An official-looking document circulating on social media has alarmed Salt Spring’s liveaboard boater community, and officials rushed to put distance between themselves and a citizen-crafted bylaw proposal — itself still in early draft form, according to proponents.
Islander Glenn Stevens said he had drafted the version of the Clean and Safe Harbour Initiative recently posted online, but that it was not a final document — and that it wasn’t an attempt to get rid of everyone living in boats at Ganges.
“That’s not the bylaw that we were going to submit to the Trust in June for their consideration,” said Stevens, who attended an evening town hall meeting held by Salt Spring’s Local Trust Committee (LTC) Wednesday, May 17. “It’s a very early edition. And it does not want to kick out the liveaboards, period. That is not the goal.”
The draft bylaw has not been formally presented to the LTC, but trustees were nonetheless peppered with questions from people who made their homes afloat in Ganges Harbour. Several expressed concerns, not just with the substance of the not-yet-proposed bylaw — which in its current form seeks to establish a fee permit system and strict regulations for boats staying more than 48 hours — but also with the lack of engagement with the liveaboard community.
While trustees acknowledged a familiarity with the proposal — Stevens first broached the subject of such regulations to the LTC in February, during a regular meeting’s public comment period — they maintained that reaching out to people who lived on boats was premature, while echoing the sentiment that no one wanted to remove them from Ganges.
“There is no bylaw before this Trust committee,” said trustee Laura Patrick. “There’s a citizen group that’s working on something, but that’s not legislation. This body has not asked for regulation of the harbour.”
“This isn’t from us,” agreed trustee Jamie Harris, who added that Ganges Harbour might represent “a huge opportunity.”
“I think we need more liveaboards in the harbour,” he said, “and to have it done cleanly and safely. We have a housing problem, and this is a cheaper way for people to be housed — and people might enjoy that lifestyle.”
Patrick also said that recent bylaw officer activity in the harbour was unrelated, and coincidental.
“I know that there was bylaw enforcement on the water, but they were out there because of complaints of commercial use on the water, not the liveaboards,” said Patrick. “They do not enforce the rule that we have that applies to liveaboards.”
That rule technically prohibits people from living on their boats within Ganges Harbour — or, more accurately, does not permit long-term occupancy at any of the water-covered parcels there under the authority of the Islands Trust. There has been little appetite for enforcement of those land use bylaws, partly because of the lack of lower-cost housing elsewhere on Salt Spring Island.
Capital Regional District (CRD) director Gary Holman, who represents the island’s electoral area and was also at the LTC’s town hall, said some form of regulation had the potential to increase housing security — if done respectfully.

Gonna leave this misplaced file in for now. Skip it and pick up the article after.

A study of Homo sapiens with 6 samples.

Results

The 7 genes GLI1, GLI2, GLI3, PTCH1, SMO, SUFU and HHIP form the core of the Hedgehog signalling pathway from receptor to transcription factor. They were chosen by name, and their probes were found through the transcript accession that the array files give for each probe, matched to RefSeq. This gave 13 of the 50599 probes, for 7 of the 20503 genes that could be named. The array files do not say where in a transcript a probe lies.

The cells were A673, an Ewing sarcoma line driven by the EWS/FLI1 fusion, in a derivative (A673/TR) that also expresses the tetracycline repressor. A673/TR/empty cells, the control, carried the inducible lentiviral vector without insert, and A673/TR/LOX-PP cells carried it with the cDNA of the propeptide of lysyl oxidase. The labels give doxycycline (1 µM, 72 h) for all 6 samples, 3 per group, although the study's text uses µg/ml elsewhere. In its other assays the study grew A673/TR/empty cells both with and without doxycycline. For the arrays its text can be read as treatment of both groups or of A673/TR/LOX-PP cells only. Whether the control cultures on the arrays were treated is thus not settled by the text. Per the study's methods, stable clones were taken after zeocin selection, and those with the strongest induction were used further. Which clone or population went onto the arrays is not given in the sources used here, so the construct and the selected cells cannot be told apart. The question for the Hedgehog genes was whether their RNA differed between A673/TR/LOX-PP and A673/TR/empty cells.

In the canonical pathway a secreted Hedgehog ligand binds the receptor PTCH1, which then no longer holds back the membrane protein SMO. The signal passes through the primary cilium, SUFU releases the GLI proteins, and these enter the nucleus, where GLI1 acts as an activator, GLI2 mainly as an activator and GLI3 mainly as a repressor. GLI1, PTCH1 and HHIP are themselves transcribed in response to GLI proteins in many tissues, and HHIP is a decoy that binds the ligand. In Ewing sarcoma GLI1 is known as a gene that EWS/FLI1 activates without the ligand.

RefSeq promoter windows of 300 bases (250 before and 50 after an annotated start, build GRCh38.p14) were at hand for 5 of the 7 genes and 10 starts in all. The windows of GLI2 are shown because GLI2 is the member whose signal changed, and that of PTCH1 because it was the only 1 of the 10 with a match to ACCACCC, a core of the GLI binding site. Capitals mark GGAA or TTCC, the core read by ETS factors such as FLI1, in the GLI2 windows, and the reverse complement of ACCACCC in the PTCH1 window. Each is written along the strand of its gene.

“I think it’s worth pursuing the idea of secure tenure for liveaboards in the harbour,” said Holman. “Right now, liveaboards are not allowed, so you have absolutely no security at all. I realize it does raise concerns, so this means [the community] has to stay on top of it, if the Trust committee decides to pursue it.”
Stevens said the citizens’ initiative was born from a sincere concern about both the environmental health of the harbour and the wellbeing of those who live there.
“I think everybody wants a clean and safe harbour,” said Stevens. “We don’t want garbage in the harbour, we don’t want human waste.”
“There’s a whole pile of boats that have just been left, and nobody’s living in them,” said Harris. “And that’s a concern. Some are sinking. There are some docks out there that have industrial things on them that are very compromised, and there are reports of stuff being thrown overboard.”
But, Harris added, the people causing those problems were in the minority — and if legislation eventually appeared, he said he would be an advocate for liveaboards “doing it right,” possibly even expanding resources and services.
“As long as your sewage and garbage aren’t going into the water, then you’re completely going to be legal to live there,” said Harris.
“We want to work as a community to make sure that it’s safe,” said Stevens. “Of course, it’s only going to succeed if we’re all in this together.”
But even with robust engagement of the liveaboard community — something Stevens repeated was critically important to the success of any regulation — trustees admitted there was only so much the LTC could accomplish this term with its limited resources.
“We’ve spent some time trying to assess and prioritize the work we’re wanting to do,” said LTC chair Tim Peterson, speaking directly to the liveaboard residents in the audience. “That proposed bylaw by the citizens did not factor in that. So I hope that gives you some sense of security, that it isn’t high on our list at this point.”